Physical and chemical characteristics of blue and Engelmann spruce relative to spruce beetle host selection and colonization

Publications Posted on: September 17, 2020
Bark beetles are keystone species that can alter the structure and function of forested ecosystems, yet the mechanisms underlying host selection and successful colonization remain poorly understood for most species. Comparison of closely related tree species that vary in their susceptibility to bark beetles could provide insights into such mechanisms.

Socioecological impacts of multiple forest insect outbreaks in the Pinaleño spruce-fir forest, Arizona

Publications Posted on: August 16, 2020
Multiple high-severity insect outbreaks and wildfires dramatically altered the character of the Pinaleño high-elevation forests with notable impacts on ecosystem services. The Pinaleños are a small mountain range positioned close to large population centers, but not so close that any large industry is dependent on their resources, so regional and local impacts of the insect outbreaks to provisional resources were minor.

Canada lynx navigate spruce beetle-impacted forests

Science Spotlights Posted on: August 11, 2020
Canada lynx depend on boreal and subalpine forests that have been structured by natural disturbances for millennia.  The management conundrum is how to salvage beetle-killed trees, while also conserving this iconic species.  We instrumented Canada lynx with GPS collars to learn how they used beetle-impacted forests.  Our research informed how to balance timber salvage with species conservation.

A specialized forest carnivore navigates landscape-level disturbance: Canada lynx in spruce-beetle impacted forests

Publications Posted on: July 29, 2020
Canada lynx (Lynx canadensis) occupy cold wet forests (boreal and subalpine forest) that were structured by natural disturbance processes for millennia. In the Southern Rocky Mountains, at the species’ southern range periphery, Canada lynx habitat has been recently impacted by large-scale disturbance from spruce beetles (Dendroctonus rufipennis).

Beetle pheromones and maple volatiles reduce spruce beetle attacks on spruce trees

Science Spotlights Posted on: August 21, 2019
The spruce beetle is the most significant mortality agent of spruce in western North America, and management options are limited. In cooperation with FHP partners, a novel combination of a beetle-produced pheromone (MCH) and compounds from a non-host (maple) tree (AKB) were shown to be repellent to spruce beetles. High-release rate MCH-AKB devices that are attached to live spruce can reduce spruce beetle attacks on individual trees and small groups of trees.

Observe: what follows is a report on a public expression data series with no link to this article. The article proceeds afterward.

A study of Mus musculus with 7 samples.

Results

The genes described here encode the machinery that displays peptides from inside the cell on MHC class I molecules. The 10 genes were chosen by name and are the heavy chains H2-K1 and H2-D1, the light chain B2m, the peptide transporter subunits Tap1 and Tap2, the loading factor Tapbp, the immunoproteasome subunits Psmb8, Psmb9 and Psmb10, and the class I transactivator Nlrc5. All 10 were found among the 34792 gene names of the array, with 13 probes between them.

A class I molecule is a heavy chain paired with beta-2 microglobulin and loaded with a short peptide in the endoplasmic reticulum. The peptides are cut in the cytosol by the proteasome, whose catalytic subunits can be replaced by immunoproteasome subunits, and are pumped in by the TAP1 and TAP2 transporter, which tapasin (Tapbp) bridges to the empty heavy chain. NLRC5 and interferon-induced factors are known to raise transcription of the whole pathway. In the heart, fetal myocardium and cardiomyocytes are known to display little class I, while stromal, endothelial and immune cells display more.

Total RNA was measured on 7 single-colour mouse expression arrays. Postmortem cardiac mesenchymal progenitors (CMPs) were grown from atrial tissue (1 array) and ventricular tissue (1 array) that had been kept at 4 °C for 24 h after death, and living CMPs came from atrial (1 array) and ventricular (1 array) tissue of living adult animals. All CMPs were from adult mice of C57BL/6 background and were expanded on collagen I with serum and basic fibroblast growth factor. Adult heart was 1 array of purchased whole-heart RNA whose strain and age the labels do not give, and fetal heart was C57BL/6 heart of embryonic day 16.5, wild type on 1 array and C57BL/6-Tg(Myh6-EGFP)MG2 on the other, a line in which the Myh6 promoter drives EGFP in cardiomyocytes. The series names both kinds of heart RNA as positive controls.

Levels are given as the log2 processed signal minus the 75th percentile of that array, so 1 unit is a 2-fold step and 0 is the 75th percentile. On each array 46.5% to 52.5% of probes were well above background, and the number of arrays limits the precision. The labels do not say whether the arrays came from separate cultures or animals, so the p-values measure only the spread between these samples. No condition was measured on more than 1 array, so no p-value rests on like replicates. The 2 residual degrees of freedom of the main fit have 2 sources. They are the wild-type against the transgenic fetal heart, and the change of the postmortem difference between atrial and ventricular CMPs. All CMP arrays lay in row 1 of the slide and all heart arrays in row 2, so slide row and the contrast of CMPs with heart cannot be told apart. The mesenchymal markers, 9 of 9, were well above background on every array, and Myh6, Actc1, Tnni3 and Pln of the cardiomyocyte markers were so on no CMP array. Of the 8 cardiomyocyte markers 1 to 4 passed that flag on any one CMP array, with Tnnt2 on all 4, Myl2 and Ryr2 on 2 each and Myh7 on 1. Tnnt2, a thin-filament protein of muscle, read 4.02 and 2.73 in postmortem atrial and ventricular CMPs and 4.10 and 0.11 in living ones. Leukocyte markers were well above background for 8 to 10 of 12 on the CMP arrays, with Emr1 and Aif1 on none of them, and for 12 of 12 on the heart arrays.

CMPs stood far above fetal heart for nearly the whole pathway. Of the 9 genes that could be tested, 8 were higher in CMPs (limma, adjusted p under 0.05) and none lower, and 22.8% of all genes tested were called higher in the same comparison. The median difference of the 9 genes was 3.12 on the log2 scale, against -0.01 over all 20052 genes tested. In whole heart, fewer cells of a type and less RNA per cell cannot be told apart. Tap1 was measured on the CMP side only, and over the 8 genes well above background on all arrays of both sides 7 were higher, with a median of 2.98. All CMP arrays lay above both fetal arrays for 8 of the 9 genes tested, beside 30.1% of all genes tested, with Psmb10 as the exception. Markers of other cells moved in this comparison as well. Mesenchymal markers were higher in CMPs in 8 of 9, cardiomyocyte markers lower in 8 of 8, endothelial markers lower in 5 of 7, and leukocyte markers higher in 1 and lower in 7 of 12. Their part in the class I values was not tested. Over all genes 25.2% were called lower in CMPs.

A test of lethal trap trees for control of spruce beetles

Publications Posted on: July 22, 2019
The spruce beetle, Dendroctonus rufipennis, can cause extensive mortality of Engelmann spruce, Picea engelmannii, during outbreaks. Endemic populations breed in the underside of downed spruces. Outbreaks often develop after blowdowns that create abundant downed trees where beetle populations can increase. Occasionally, managers practice suppression to protect high-value resources.

Evidence of compounded disturbance effects on vegetation recovery following high-severity wildfire and spruce beetle outbreak

Publications Posted on: October 25, 2017
Spruce beetle (Dendroctonus rufipennis) outbreaks are rapidly spreading throughout subalpine forests of the Rocky Mountains, raising concerns that altered fuel structures may increase the ecological severity of wildfires.

3-Methylcyclohex-2-en-1-one for area and individual tree protection against spruce beetle (Coleoptera: Curculionidae: Scolytinae) attack in the southern Rocky Mountains

Publications Posted on: September 25, 2017
We tested 3-methylcyclohex-2-en-1-one (MCH) and an Acer kairomone blend (AKB) as repellent semiochemicals for area and single tree protection to prevent spruce beetle (Dendroctonus rufipennis Kirby) attacks at locations in Utah and New Mexico.

Semiochemical repellents reduce spruce beetle infestations

Science Spotlights Posted on: August 23, 2017
The spruce beetle is the most significant mortality agent of spruce in western North America. Management options are limited but an effective semiochemical repellent could be economically and environmentally advantageous, compared to insecticide applications, for protection single trees and small stands.

Traumatic resin ducts as indicators of bark beetle outbreaks

Publications Posted on: August 22, 2017
The formation of traumatic resin ducts (TRDs) represents an important induced defense in woody plants that enhances oleoresin production and flow in response to environmental perturbations. In some genera (Pinus), resin ducts are copious and conspicuous; however, in others (Picea), resin ducts are relatively rare.